In the past, opportunities for individual participation in public rituals of mass grieving were few and far between. Social networking technologies have allowed for a new form of public mourning to emerge. As the text message sent to my cell phone by 32 year-old brother read, “Michael Jackson is dead!” and virtually everyone who updated their Facebook status or Twitter account to reflect that fact participated in a novel ritual of public mourning.
Michael Jackson was the grandest performer in a bygone era where grandiose celebrity and mass marketing dominated both the collective cultural consciousness and the mass media. Given that Jackson was a complicated culture figure who died in the “new media” era, the public display of mourning following Jackson’s death has manifested itself in both predictable and novel ways.
Predictably, there has been a resurrection of Jackson’s music career in the form of skyrocketing record sales and many hyperbolic claims to his brilliance as an “artist” and a “musical genius.” Also, predictably, there was a spectacular and widely watched memorial at the basketball stadium of the Los Angeles Lakers; in fact, there was so much public interest that most of the major news outlets went to 24/7 Jackson coverage before, after, and during the memorial.
While aspects of the public mourning of Jackson are easily identifiable as familiar social rituals by mass publics when confronted with the death of a cultural icon, there have been novel emergences as well. For example, in the hours following his death, there was so much interest in communicating and learning about Jackson that many websites were crippled by heavy user traffic. Additionally, just as it was with my own experience, many individuals first received the news through tweets, texts, or facebook updates from friends, acquaintances, or family members via social networking websites or phone. Most importantly, when thinking about rituals of public mourning, many used these same tools to mass publish their immediate reactions upon learning of Jackson’s death.
Mourning the loss of another human being is a unique and individualized process. When attempting to understand reactions to death in “real” life, psychology offers reliable taxonomies to understand normal behaviors after the sudden loss of a family member or friend (for example, coping strategies like task-focused behaviors, emotion focused behaviors, avoidance focused behaviors, etc.). Similar taxonomies do not exist for predicting individual reactions to the news of the death of a celebrity of the magnitude of Michael Jackson. The public’s relationship to Jackson—or any celebrity—is never divorced from its conception as a mediated construct. Consequently, the closeness we feel toward an entertainer like Jackson is a simulacrum of the shared closeness we have—or lack—with those around us in our everyday lives.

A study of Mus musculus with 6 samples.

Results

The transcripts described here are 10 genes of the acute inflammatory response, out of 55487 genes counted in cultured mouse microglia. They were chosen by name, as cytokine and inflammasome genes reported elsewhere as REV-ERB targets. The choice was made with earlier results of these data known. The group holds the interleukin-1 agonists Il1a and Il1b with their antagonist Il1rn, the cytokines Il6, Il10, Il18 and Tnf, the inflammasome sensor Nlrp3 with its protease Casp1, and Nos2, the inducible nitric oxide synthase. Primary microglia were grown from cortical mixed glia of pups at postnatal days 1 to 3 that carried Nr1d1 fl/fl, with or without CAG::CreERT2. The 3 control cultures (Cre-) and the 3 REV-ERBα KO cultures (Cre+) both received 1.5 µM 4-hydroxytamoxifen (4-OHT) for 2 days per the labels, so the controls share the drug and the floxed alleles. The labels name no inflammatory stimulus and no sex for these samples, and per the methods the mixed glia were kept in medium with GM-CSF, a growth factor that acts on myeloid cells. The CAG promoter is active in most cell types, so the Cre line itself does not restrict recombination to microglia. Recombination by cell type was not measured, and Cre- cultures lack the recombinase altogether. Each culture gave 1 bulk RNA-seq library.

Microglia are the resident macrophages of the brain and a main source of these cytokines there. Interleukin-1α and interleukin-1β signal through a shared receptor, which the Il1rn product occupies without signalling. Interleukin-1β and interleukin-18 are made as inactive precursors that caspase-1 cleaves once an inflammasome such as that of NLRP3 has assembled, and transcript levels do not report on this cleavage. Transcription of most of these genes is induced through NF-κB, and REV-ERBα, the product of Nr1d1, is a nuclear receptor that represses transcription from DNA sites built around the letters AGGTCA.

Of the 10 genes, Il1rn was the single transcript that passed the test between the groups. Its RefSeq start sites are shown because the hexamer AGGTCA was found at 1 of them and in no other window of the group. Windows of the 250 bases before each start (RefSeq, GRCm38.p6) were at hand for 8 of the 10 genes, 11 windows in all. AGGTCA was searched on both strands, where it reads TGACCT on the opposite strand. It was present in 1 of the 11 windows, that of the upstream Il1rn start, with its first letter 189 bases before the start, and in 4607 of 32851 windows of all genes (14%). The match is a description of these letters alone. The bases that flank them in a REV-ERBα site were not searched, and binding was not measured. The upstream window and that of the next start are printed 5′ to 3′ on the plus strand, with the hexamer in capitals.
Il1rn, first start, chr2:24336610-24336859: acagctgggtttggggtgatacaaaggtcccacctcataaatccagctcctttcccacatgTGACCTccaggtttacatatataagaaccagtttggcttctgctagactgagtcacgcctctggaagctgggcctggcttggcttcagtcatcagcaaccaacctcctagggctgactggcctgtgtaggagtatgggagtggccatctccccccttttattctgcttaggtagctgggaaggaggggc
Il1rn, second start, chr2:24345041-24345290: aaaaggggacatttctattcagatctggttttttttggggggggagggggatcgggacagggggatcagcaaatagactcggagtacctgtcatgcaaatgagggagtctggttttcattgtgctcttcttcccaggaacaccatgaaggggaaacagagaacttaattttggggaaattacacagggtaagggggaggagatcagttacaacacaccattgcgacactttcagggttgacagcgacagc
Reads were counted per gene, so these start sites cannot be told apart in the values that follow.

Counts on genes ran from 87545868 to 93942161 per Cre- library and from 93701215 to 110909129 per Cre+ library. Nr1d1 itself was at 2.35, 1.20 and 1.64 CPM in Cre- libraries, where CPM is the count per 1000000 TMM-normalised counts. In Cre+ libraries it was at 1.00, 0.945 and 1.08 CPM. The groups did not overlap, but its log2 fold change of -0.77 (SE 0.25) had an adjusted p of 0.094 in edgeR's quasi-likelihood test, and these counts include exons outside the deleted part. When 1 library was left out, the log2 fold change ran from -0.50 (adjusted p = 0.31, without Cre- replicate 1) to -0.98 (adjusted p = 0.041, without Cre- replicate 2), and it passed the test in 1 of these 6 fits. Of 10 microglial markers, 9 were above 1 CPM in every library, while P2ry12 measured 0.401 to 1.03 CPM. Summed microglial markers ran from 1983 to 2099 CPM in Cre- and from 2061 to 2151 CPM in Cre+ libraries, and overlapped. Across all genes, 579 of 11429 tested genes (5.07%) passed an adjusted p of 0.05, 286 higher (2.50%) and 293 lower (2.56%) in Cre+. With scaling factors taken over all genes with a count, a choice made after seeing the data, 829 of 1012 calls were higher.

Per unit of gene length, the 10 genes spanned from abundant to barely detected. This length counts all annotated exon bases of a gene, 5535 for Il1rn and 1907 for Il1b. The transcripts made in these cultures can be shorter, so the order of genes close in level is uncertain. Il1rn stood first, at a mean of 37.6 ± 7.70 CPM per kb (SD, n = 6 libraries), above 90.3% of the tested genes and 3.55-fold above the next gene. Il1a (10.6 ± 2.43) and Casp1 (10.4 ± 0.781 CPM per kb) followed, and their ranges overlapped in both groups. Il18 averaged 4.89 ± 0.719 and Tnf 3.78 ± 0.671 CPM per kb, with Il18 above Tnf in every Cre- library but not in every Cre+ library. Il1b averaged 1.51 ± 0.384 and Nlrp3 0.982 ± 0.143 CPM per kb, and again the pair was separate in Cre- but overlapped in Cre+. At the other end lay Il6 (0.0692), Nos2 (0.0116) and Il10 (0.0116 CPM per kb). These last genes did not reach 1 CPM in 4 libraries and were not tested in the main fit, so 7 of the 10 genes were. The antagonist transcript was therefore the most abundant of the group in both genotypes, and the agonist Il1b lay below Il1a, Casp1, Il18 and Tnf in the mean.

In the past, mourning Jackson’s death through the media would have been limited to consuming mass mediated memorials and tributes on television, print, or radio. With the emergence and saturation of small media technology, a new genre of public mourning has emerged.
As one can imagine, a cursory search of the tweets from the day of Jackson’s death reveals a variety of reactions, ranging from the simple and sweet:
“RIP Michael Jackson, you’ll always live on in your music in our music and our
To the cynical and sarcastic:
“Michael Jackson died the way he lived….Surrounded by white gloves and people in masks”
To even the genuine—albeit, perhaps, melodramatically genuine—expression
of what appears to be actual grief:
“This is the worst day of my life….. MICHAEL JACKSON IS DEAD!!! ITS
UNBELIEVALBE!!!! Im just soo sad and depressed!!!! (sic)”
While all of the responses to Jackson’s death arise from the subjectivity of individuals leading wholly separate lives, all are connected by the impulse to use a form of mass expression to solidify social bonds around a shared cultural event. All responses are participants in the public’s collective grieving over the faded star of an influential cultural icon; perhaps more centrally, all responses are meditations on the fading of our own once bright youth as well.
In the night following his death, Jackson’s music–his most enduring cultural contribution–was a ubiquitous fog that descended over, what seemed like, every square inch of Washington D.C. Thinking back about that cool summer night, I can still clearly remember the notes of “Billie Jean,” “Beat it,” and “Rock With You” on the stereos of all the passing cars. I’ll always remember the jukebox at a bar that night and how it was full to the brim with all of Jackson’s songs, the same songs that were the soundtrack to my long-gone childhood. More than anything else, though, I’ll remember the moment I read the message from my brother and how it took my breath away.